Fernando’s remarks came during Dilmah’s School of Tea first ever session in Amman, which brought together tea-lovers from across Jordan and members of the hospitality and retail sectors for the unveiling of the firm’s Food Service and Real Tea Appreciation.
Speaking in front of several personalities from the Kingdom’s hospitality industry, the man known worldwide as “the teamaker” shared the ideas he envisioned as a young tea grower back in the 1950s, when he decided to help restore the fortune of his country’s ailing tea.
“It took me several decades to bring my ethical tea to the public,” Fernando told The Jordan Times, elaborating on how the concept of a young, middle class Sri Lankan man seeking to establish such business was fiercely opposed at the time.
“I had a humble beginning growing up and seeing the poor people and their children in the plantations of my country,” the teamaker said, recalling how “back in the day, tea was used as a plain raw material to be taken to England, packaged, branded and sold for very high prices”.
“I thought this was completely unfair and I was determined to have my own brand of tea one day, so I promised myself I would work hard to bring back honesty and integrity to tea,” Fernando added, reminiscing about the moment when he had to decide whether he would be another rich man or share his benefits with the community.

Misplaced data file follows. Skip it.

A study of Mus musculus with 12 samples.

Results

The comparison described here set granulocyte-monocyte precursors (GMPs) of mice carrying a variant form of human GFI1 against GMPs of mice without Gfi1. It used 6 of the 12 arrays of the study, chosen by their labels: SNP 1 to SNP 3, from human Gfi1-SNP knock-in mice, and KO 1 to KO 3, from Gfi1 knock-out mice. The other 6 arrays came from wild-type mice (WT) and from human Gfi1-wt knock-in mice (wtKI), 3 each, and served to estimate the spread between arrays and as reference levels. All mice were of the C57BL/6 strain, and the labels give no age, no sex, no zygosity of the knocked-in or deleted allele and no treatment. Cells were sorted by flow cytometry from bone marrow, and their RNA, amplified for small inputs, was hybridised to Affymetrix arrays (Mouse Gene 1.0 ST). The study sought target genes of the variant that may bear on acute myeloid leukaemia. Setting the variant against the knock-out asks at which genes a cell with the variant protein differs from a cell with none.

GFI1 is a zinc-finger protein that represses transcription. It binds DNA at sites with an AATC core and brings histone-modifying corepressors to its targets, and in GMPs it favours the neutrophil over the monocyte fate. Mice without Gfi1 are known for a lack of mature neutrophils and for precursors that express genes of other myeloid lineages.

“That is when my mother crossed my mind, and I simply did what she taught me: share what I have and make the lives of others better,” he remembered.
Decades later, the MJF Charitable Foundation fulfils the vision of Fernando to “make business a matter of human service” through the implementation of projects aimed at addressing the challenges faced by the most underprivileged communities.
Through the foundation, child development centres provide care and nutrition to approximately 2,500 children of Dilmah tea garden workers daily, while its Rainbow Centre provides holistic development for some 180 children with special needs. In addition, the staff of its National Centre for Children with Cerebral Palsy work to “bring back the dignity” of children affected by the neurological disorder.
The foundation’s culinary schools also support 60 disadvantaged youth annually in the gastronomy and hospitality industry, and an entrepreneur programme provides assistance to over 1,900 businesses.
Furthermore, MJF’s Swashakthi Bakery provides sustainable means of income for 35 unprivileged women while the women’s development programme has assisted 60 mothers in becoming entrepreneurs.
Fernando also established Dilmah Conservation as “an affirmation of the firm’s core commitment to environmental sustainability”, setting a carbon-neutral pledge aimed at achieving zero carbon emissions.
Within the organisation, the Elephant Transit Home programme rehabilitates orphan baby elephants, and the Climate Change Research Station serves as the first private sector led initiative to investigate climate change in Sri Lanka.
Meanwhile, the organisation has facilitated the discovery of 63 species previously unknown to science, and the Greening Batticaloa programme combats the excessive heat experienced in the region with 700,000 plants distributed up to now.